Cumberland Pencil Museum, Keswick
I have been meaning to visit The Cumberland Pencil Museum for ages. It’s been on my ‘Must Go!’ list for at least two years. So it was with great excitement that on a sunny Easter Saturday we finally tootled up the M6 to Keswick.
Nestled amongst stunning mountains Keswick is a busy, bustling Lake District tourist town – not quite as overrun with wall-to-wall outdoor equipment shops, frilly cafes and organic delis as Ambleside. Thankfully.
The Cumberland Pencil factory building itself is a great example of Art Deco era architecture; resplendent with Gill Sans signage. The actual museum is housed within a pale blue 1950s prefab decorated with large MDF pencils. It’s a cheery little place.
The entrance to the exhibition is slightly disappointing – visitors have to traipse through a room of unnecessary fake caves, complete with mining dummies whose feet are falling off. In my opinion this part of the exhibition could do with being scrapped. Perhaps in order to give more space to showing off the biggest pencil in the world – which is currently housed (not to its maximum potential) in a case in a corridor.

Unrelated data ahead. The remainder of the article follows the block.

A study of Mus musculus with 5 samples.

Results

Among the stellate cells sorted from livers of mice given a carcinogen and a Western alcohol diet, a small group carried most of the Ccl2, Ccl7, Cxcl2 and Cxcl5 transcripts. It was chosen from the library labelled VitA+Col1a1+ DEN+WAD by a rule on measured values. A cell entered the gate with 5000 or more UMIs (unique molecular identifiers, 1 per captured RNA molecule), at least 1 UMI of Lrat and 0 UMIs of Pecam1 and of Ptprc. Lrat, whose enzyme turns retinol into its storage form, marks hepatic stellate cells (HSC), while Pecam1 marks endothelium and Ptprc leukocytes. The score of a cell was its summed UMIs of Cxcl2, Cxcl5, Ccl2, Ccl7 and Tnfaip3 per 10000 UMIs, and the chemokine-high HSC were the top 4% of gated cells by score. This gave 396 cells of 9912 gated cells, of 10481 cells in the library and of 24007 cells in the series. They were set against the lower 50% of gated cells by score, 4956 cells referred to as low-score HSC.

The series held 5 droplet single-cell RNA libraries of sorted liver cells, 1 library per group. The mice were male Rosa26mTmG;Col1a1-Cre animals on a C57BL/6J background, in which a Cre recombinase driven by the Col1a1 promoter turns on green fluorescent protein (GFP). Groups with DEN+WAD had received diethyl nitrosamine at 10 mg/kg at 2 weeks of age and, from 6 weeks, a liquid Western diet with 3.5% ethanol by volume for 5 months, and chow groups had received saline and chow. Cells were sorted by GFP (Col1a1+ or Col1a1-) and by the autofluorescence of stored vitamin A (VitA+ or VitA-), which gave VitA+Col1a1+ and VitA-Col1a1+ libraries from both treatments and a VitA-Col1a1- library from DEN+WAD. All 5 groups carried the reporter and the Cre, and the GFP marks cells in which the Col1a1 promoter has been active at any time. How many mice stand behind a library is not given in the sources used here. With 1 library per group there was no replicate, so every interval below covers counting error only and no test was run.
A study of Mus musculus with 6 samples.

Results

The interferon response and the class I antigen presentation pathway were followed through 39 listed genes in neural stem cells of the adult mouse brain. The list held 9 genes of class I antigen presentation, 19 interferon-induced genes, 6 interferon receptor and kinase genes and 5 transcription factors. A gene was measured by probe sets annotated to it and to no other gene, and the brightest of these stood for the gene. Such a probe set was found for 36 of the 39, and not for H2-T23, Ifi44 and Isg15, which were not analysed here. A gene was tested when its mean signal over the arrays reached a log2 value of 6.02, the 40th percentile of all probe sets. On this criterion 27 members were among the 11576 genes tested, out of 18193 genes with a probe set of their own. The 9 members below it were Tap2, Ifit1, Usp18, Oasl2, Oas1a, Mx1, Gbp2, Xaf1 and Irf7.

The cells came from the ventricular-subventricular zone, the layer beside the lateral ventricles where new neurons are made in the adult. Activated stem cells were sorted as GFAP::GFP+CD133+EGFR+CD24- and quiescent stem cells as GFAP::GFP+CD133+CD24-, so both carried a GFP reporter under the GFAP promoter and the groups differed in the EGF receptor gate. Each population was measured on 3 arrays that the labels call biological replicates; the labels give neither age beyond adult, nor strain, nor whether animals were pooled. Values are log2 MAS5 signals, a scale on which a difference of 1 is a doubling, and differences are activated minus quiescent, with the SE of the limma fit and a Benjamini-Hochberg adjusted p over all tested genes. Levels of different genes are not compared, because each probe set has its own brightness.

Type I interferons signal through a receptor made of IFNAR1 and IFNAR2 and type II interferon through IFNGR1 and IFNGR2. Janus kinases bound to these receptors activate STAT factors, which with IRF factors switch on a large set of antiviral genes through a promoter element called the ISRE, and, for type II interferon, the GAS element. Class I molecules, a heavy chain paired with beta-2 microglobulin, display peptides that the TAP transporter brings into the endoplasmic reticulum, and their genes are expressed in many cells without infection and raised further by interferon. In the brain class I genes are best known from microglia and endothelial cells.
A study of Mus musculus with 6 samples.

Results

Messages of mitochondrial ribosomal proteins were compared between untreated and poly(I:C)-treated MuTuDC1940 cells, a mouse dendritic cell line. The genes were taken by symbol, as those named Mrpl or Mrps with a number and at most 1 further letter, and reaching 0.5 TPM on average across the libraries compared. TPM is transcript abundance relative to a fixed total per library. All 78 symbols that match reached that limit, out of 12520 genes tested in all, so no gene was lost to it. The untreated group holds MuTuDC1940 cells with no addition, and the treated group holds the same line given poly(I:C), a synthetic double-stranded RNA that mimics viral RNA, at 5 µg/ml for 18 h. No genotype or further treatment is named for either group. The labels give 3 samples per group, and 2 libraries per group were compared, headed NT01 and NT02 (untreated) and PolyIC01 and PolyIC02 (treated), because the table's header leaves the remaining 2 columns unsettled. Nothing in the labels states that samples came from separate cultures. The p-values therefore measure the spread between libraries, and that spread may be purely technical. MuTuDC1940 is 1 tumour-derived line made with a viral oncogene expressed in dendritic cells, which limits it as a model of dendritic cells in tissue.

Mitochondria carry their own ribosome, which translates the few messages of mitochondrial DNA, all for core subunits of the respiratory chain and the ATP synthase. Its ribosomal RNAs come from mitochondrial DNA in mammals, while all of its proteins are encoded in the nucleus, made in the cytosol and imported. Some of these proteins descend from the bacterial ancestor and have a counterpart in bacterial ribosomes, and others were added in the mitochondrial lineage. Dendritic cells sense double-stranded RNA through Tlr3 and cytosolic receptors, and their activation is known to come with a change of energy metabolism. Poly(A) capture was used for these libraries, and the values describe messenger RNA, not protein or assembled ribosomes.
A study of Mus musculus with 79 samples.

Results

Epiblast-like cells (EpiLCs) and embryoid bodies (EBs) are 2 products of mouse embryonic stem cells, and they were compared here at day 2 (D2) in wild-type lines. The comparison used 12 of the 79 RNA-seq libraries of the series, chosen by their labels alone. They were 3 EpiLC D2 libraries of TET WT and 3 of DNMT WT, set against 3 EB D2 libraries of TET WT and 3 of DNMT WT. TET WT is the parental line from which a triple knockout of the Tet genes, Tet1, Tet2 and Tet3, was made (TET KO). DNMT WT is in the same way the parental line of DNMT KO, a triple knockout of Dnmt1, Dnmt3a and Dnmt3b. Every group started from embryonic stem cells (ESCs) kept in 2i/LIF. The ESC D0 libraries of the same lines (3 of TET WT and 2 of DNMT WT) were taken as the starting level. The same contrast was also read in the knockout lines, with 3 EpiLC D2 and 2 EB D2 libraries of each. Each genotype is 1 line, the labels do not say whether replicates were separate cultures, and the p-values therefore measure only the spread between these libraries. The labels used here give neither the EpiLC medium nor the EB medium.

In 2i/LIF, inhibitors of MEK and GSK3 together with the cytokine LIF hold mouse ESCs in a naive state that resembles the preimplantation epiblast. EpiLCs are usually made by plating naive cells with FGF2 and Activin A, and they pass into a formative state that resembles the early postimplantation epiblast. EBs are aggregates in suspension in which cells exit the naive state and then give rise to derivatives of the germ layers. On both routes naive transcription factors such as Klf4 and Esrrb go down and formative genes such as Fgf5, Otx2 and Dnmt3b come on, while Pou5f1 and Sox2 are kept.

- Nearby Borrowdale was the first place in the world where graphite was discovered, around 1500.
- When a pencil is made – it is precisely 184mm long.
- The local name for graphite was 'wad' and upon its discovery it soon became a precious commodity. The graphite mines were taken over by the government and wad was transported to London by armed stage coach.
These are just three of the fascinating things I learnt from my visit. I also got to look at some splendid examples of pencil packaging, and some very inventive pencil displays too.